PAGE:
Double killing rattles city that has seen 18 slayings in as many months.
By Richard Winton and Cara Mia DiMassa, Times Staff Writers
July 28, 2007

A double killing early Friday in Pasadena is the latest in a string of gang-related shootings over the last year that has officials and residents in the city's northwestern district on edge.

The shootings have occurred in a relatively small section of Pasadena and involve what officials believe is a gang clash.

Pasadena won much praise for reducing gang violence over the last 14 years, a concerted effort that started after the high-profile killing of three teenage boys leaving a Halloween night party in 1993.

The crackdown resulted in a major drop in crime — particularly among young people and gangs. The city, which in the 1980s recorded more than 30 homicides a year, by 2002 recorded just three, according to FBI records. But then, homicides started rising.

Over the past 18 months, there were 18 homicides in Pasadena.

The violence has sparked a series of community forums, a new crackdown by Pasadena police and some political soul-searching.

Pasadena has been in the midst of a building boom, adding pricey condos and apartments to its thriving downtown retail district along Colorado Boulevard. But some community activists believe the city needs to focus more attention on its poorer areas to the north, which have large black and Latino populations.

"What we need now as a community, just like any other community, is political will," said Dianne Segura, executive director of the local YWCA, which launched an initiative in late May called Mothers on the Move to fight the rising violence. "We are only 23 [square] miles. If we can't solve what's happening in our neighborhoods, then shame on us."

The city's image has long been burnished by the annual Rose Parade, which paints the town as awash in princesses and flowers. In the regal neighborhoods near the Rose Parade headquarters and Rose Bowl, it's difficult to find a house for less than $1 million, with mansions going for $3 million or more. A gentrification boom has sent housing in other neighborhoods — notably those with restored California bungalows — to similar levels.

But the image of prosperity belies the struggles of neighborhoods just north of downtown Pasadena. That area has for generations been an enclave for African Americans and more recently has become an entry point for immigrants from Latin America. (Latinos now make up about 33% of the population, a growth that has generated some tensions with African Americans, who make up about 15% of the city.)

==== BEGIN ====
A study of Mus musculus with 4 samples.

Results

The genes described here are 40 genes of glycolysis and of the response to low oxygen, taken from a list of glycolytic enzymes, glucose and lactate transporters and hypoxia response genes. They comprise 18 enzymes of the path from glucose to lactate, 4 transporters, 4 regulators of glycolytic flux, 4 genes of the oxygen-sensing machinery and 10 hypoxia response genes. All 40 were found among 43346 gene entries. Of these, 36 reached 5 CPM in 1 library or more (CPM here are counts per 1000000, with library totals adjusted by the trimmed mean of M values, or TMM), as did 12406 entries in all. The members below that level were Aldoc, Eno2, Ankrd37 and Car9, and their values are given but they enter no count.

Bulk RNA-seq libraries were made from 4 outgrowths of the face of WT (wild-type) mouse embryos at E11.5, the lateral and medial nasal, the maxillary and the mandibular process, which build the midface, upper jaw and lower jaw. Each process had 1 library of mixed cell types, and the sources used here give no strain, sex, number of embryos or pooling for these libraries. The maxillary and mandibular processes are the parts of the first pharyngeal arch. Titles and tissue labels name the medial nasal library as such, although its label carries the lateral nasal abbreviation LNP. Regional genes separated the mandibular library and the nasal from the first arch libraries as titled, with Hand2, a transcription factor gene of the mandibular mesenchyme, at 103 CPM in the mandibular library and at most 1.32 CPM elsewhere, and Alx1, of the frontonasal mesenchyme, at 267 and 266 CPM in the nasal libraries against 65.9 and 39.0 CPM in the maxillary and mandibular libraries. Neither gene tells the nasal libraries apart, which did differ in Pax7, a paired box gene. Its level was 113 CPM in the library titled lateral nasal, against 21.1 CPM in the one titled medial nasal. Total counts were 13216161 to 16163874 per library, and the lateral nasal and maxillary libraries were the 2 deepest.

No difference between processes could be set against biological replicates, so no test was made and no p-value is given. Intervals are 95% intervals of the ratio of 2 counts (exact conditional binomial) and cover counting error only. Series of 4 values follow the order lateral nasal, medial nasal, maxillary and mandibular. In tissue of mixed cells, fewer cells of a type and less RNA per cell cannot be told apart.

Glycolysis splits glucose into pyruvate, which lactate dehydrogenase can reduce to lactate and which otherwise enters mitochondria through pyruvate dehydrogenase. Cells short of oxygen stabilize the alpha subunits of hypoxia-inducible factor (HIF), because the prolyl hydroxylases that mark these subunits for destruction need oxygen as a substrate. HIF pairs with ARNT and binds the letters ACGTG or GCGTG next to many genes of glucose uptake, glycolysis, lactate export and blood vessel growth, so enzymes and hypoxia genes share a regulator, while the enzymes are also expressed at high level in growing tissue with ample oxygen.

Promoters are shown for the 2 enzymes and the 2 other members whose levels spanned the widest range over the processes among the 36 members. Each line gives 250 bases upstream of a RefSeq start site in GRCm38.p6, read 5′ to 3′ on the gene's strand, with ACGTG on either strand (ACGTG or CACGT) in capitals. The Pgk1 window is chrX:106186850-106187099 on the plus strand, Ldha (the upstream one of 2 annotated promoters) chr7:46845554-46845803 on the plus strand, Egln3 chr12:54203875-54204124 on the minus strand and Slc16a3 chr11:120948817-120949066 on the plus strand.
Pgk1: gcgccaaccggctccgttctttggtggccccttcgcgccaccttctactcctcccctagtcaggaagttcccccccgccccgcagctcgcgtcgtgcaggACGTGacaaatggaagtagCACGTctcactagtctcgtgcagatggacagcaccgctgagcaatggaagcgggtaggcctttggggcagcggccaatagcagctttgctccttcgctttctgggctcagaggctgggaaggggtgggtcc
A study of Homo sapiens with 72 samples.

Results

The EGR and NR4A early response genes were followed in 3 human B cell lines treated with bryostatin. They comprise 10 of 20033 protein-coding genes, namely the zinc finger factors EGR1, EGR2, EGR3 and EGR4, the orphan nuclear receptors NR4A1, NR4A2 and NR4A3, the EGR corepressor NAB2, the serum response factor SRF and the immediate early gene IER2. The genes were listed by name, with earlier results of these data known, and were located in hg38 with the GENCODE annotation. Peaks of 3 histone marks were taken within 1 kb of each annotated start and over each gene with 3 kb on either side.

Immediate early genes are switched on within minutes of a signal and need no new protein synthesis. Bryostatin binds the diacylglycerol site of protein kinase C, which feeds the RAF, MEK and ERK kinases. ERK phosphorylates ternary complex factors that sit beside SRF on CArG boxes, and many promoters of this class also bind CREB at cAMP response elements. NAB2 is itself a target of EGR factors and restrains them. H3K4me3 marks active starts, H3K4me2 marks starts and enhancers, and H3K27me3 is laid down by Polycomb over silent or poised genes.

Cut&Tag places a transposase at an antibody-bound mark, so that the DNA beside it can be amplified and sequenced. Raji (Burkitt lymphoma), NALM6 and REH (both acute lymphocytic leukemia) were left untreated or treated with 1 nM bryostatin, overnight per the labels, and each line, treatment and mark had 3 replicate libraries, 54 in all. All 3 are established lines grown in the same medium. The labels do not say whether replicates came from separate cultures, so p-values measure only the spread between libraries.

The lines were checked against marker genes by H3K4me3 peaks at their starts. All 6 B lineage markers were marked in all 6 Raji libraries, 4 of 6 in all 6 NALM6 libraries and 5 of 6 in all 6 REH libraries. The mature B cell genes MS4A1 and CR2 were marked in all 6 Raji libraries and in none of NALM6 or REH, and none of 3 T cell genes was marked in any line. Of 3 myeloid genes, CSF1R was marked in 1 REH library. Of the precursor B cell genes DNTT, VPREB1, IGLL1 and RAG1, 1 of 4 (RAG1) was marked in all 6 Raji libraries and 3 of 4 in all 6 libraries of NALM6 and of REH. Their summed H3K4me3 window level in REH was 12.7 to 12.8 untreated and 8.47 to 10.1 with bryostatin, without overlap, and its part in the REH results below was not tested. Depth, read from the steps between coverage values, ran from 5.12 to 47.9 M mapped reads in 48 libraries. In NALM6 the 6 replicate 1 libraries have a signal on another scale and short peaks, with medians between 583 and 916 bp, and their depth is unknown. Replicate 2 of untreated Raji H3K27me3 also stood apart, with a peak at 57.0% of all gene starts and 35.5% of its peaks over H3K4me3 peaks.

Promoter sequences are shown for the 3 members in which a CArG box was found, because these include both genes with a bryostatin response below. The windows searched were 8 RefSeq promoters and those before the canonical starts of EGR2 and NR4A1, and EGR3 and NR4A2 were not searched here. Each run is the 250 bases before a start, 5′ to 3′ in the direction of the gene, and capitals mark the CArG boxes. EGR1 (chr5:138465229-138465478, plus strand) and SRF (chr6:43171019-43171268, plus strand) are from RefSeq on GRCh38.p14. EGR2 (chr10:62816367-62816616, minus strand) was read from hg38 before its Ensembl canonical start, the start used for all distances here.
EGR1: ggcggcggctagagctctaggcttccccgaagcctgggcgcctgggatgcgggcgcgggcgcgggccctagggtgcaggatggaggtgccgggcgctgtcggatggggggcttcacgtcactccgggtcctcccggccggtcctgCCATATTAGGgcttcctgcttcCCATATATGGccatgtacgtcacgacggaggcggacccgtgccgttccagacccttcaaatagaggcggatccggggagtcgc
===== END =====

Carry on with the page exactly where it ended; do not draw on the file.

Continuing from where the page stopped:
The median annual household income hovers around $51,000, according to U.S. Census figures. Still, nearly 10% of families in the city, and 14% of families with children under 18, have incomes below the poverty line — numbers that put it on par with state averages.

The gang crime problems, said City Councilman Chris Holden, are a reminder that despite Pasadena's upscale reputation, other parts of the city need help.

"We have the affluent, but we also have a segment that is really challenged, and brings with it all of the challenges of an urban community," Holden said. "The reality is that there's a subculture out there that is using drugs and influence in that way to make money, and they are going to be warring with each other. Pasadena is not immune to that."

Pasadena police officials said they are responding aggressively to the problems.

In the last year, police recorded 68 incidents in which Latinos were attacked late at night by groups of young African American men as part of a gang initiation. Authorities have since tripled enforcement levels in northwest Pasadena.

The crackdown has reduced such assaults, but gang-related killings continue.

The two men killed shortly before 2 a.m. Friday in the 1500 block of Navarro Avenue in northwest Pasadena were identified as Joseph Vargas, 31, and Sergio Mendes, 34, both of Pasadena. Both men died at Huntington Memorial Hospital from numerous gunshot wounds after being transported by paramedics. Police believe the shootings were gang-related.

By Friday afternoon, police arrested three suspects in Covina in connection with the double slaying: Jonathon Warren, 22; Diana Reyes, 20; and a male juvenile whose name and age were not released.

Earlier in the day, just a few blocks from where Vargas and Mendes were shot, detectives served search warrants in a multi-city sweep related to the slaying in December of Tommie James Evans.

Evans was shot as he sat on his porch in the 100 block of West Washington Boulevard in what police described as gang retaliation for an earlier shooting.